On September 24, Nirvana's Nevermind album turns 20, a milestone that seems rather inconceivable to anyone who actually lived and breathed during the alt-rock era. Still, its birthday will surely be celebrated all over the world, and justifiably so. After all, it's the album that changed everything and, as such, deserves to be mythologized.
Of course, in doing so, most overlook the fact that there was no shortage of other classic albums released in the shadow of Nevermind, from mega-platinum rock blockbusters to quiet-as-it's-kept indie gems, and just about everything in between. In 1991, rock truly rocked, so, in celebration of that fact, we've asked some of today's biggest bands to discuss their favorite albums from that rather amazing year.
We've already paid tribute to classics like [article id="1670050"]Dinosaur Jr.'s Green Mind[/article] and the [article id="1670110"]Red Hot Chili Peppers' Blood Sugar Sex Magik,[/article] [article id="1670209"]Pearl Jam's Ten[/article] and [article id="1670270"]Fugazi's Steady Diet of Nothing.[/article] Now, we're honoring a pair of albums that truly show the scope of 1991's back catalog, as told by their biggest fans.
Lenny Kravitz, Mama Said
Building on the slow-burning success of his 1989 debut, Let Love Rule, Kravitz returned in '91 with Mama Said, an album that saw him expand his horizons — from the Philly soul-tinged hit "It Ain't Over 'Til It's Over" to the Lennon-inspired "Flowers for Zoë," with homages to Sly, Prince and Jimi thrown in for good measure — and firmly establish himself as an international star. Sure, that sonic grab-bag (not to mention his biracial heritage) made Kravitz a curio case for critics in desperate need of a hook, but the end result was an album so sumptuous, seething and downright seamless that it could only really be categorized one way: as a classic. He'd hit the stratosphere with 1993's Are You Gonna Go My Way, but it was with Mama Said that Kravitz truly made the leap.
As Remembered By Alicia Keys: "To me, Lenny is like one of the most important figures in music, for us as a generation, because there's not many people who do what he does, and [to] do it so authentically and with such ease ... who he is and how he is are exactly what he is, you know? And 1991 was an incredible year, and that album, I could definitely relate to 'Flowers for Zoë,' figuring that was a song he wrote for his daughter, and how it moves you and affects you and what you want to say about it. I'm just super proud of Lenny. I think that he's an icon for us, because he broke barriers and he was an individual and remains an individual today. And a lot of times, as a beautiful black artist, you're put in many boxes, and I think that he really broke those barriers down."
Guns N' Roses, Use Your Illusion I + II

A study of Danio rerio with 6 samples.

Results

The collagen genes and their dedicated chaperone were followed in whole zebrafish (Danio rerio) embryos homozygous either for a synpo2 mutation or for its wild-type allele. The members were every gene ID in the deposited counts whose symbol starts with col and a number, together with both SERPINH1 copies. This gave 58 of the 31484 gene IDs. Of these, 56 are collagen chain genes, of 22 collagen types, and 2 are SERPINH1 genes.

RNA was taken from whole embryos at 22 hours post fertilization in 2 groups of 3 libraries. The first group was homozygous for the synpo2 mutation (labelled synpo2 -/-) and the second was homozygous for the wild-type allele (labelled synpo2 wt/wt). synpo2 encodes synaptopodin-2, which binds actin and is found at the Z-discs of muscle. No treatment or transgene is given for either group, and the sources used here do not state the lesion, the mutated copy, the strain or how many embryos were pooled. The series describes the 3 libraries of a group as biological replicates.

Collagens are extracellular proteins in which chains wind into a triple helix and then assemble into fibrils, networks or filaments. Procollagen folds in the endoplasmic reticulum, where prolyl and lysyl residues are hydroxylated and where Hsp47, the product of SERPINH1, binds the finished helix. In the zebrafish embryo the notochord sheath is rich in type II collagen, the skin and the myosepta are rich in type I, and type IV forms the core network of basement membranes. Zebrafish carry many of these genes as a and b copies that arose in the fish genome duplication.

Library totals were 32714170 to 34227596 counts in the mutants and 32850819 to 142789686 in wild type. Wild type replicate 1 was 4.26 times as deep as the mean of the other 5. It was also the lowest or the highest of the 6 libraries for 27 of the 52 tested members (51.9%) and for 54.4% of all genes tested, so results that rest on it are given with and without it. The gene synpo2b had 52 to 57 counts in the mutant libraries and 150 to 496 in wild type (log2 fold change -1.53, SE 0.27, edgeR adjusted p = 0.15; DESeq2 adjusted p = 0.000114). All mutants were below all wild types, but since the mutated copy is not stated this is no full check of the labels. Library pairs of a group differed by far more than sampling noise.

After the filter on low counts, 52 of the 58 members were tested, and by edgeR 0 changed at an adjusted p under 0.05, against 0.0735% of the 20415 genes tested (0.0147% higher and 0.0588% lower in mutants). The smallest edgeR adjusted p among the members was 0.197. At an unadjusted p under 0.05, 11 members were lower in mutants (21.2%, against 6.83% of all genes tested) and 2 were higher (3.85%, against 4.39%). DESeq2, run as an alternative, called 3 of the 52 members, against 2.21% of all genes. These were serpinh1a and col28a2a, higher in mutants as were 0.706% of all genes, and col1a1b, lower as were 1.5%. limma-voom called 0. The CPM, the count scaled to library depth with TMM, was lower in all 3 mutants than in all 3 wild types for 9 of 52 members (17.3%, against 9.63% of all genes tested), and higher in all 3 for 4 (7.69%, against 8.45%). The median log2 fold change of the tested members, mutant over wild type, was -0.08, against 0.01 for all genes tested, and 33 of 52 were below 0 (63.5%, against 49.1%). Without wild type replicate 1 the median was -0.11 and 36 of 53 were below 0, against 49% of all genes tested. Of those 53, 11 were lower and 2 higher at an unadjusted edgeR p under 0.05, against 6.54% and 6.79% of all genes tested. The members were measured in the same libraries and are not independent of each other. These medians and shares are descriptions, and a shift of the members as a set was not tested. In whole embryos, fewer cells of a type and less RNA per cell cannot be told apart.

Though it was released as two separate discs (which sold a combined 1.45 million copies in a single week), GN'R's Use Your Illusion is really, truly a double-album, one that represented a turning point for the massively popular band. Sure, the hard-rock histrionics of Appetite for Destruction were still present, but for the first time, Axl and company dabbled in blues, classical music and, of course, ballads. One can't overlook the overtly political tone of songs like "Civil War" and the cover of Bob Dylan's "Knockin' on Heaven's Door" or the proggy theatrics of epics like "November Rain" and "Don't Cry," but to focus solely on those bits would be a disservice to the sheer ambition, scope and spectacle of the project, which truly changed Guns N' Roses — since it would be 17 years before they'd release a proper follow-up — and hard rock forever.
As Remembered By Joshua Epstein, Dale Earnhardt Jr. Jr.: "[They] were huge hits when we were in elementary school. We actually almost called our band Use Your Illusion IV — this is actually true. But I will say those albums were everywhere. I remember all the videos; Axl Rose and supermodels and weddings and Slash playing giant guitar solos in canyons. But I also remember that they kind of brought back the ballad, which really changed my world. 'November Rain' was, like, a huge monster hit, and it actually did change the way I thought about music. I saw them play, I went to this concert with my friend's parents, and Axl Rose warmed up on the piano for 35 minutes before playing 'November Rain.' But, like, he wasn't a good piano player, so his warm-ups were, like, scales that you and I would've learned at piano lessons as a kid. And it was one of the worst things I've ever seen in my life, so I did learn also what not to do from watching Guns N' Roses in the Use Your Illusion era."
What is your favorite album from 1991? Let us know in the comments below!